The International Association of Machinists and Aerospace Workers, which represents thousands of workers at Bath Iron Works, is asking a federal judge to vacate an arbitrator’s recent decision in a contract dispute over the outsourcing of certain jobs.

In a complaint filed Thursday in U.S. District Court, the union alleges that arbitrator James Cooper sided with the company in order to secure future arbitration work.

BIW spokesman Matt Wickenheiser said in a written statement that Cooper’s decision was issued properly.

The contract dispute centers on the question of whether BIW can purchase certain ship components from third parties, rather than having them manufactured on site by BIW employees. The union has argued that purchasing the already-made components would violate a provision of the collective bargaining agreement between BIW and the union that prohibits the outsourcing of labor.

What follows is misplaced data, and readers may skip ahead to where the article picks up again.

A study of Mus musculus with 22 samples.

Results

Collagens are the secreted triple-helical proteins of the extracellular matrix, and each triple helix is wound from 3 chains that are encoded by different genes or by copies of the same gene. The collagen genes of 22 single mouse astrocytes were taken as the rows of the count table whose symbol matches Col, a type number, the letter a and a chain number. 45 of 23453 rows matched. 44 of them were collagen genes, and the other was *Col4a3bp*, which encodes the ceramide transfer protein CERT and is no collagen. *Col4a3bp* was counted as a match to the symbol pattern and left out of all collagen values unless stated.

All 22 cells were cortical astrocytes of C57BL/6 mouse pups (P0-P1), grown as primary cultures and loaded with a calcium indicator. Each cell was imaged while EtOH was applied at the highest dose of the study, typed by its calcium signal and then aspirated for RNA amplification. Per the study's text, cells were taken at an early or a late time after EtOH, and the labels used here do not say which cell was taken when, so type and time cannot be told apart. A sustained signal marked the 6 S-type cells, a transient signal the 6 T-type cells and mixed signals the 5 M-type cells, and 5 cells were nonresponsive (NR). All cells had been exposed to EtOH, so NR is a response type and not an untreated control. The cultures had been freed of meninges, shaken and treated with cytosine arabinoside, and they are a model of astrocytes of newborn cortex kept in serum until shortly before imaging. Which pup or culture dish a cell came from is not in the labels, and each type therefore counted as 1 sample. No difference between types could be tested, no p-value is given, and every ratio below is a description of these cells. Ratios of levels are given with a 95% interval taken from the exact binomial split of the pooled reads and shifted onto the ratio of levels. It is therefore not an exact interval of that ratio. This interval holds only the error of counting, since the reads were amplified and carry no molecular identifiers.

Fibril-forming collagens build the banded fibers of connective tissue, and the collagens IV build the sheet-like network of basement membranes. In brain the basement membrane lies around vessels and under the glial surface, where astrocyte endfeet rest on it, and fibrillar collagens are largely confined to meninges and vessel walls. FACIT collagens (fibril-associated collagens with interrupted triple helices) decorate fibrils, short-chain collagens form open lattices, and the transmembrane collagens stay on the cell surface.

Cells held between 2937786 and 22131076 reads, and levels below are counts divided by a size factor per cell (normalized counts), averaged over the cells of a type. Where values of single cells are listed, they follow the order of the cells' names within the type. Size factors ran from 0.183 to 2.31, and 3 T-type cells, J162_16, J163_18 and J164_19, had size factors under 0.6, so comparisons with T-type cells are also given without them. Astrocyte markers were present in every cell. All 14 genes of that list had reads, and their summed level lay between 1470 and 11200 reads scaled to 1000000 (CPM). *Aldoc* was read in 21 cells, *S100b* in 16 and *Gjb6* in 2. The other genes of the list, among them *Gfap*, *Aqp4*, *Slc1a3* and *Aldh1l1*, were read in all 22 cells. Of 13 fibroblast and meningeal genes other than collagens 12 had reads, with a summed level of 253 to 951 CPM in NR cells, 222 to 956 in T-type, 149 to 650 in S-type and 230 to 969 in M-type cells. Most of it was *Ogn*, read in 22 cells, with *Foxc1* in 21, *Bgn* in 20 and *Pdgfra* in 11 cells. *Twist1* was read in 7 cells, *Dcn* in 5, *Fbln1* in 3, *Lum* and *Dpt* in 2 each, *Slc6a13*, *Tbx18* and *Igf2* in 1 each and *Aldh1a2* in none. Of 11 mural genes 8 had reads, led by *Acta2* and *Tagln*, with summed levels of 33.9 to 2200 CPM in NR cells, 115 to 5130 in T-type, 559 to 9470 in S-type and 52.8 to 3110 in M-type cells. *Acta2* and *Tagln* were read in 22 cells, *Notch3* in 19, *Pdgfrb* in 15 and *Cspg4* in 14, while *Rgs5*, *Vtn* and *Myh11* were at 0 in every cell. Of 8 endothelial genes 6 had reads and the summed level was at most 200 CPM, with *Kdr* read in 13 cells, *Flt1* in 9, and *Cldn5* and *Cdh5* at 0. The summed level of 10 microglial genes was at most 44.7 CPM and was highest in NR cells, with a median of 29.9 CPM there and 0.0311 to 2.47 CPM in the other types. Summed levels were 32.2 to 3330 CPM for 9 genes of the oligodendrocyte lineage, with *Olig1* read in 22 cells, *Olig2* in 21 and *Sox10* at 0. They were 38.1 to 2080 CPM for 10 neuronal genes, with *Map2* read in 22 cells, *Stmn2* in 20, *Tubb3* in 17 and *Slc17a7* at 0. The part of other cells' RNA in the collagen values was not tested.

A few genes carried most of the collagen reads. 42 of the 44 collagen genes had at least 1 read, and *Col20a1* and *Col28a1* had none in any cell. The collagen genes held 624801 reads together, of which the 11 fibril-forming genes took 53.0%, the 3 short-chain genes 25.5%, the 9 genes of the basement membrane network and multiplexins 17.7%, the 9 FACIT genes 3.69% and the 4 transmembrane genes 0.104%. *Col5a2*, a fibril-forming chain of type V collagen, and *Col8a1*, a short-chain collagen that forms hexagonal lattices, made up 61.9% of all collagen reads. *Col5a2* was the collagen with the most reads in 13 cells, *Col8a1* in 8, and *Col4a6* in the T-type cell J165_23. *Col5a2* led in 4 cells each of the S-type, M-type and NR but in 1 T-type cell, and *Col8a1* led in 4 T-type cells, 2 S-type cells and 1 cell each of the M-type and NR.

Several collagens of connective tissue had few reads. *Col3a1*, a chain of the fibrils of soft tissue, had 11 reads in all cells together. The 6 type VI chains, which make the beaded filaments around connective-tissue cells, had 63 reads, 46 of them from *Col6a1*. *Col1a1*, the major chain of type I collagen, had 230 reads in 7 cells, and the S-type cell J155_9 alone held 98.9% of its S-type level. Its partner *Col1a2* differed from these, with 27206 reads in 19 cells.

However, in February, Cooper presided over an arbitration proceeding to resolve the dispute and ultimately sided with the company.

The union alleges in its complaint that Cooper made a statement during the proceeding that indicated he was concerned about not being given any arbitration work by BIW since he sided with the union in a company smoking policy dispute in 2009.

Neither Cooper nor BIW had filed a response to the complaint in court as of noon Friday. Wickenheiser said via email that BIW should have the right to buy components instead of producing them if it makes the company more competitive.

The shipyard has been trying to streamline production costs to bid more competitively on a $10 billion contract for U.S. Coast Guard cutters. The bid is expected to be awarded in August.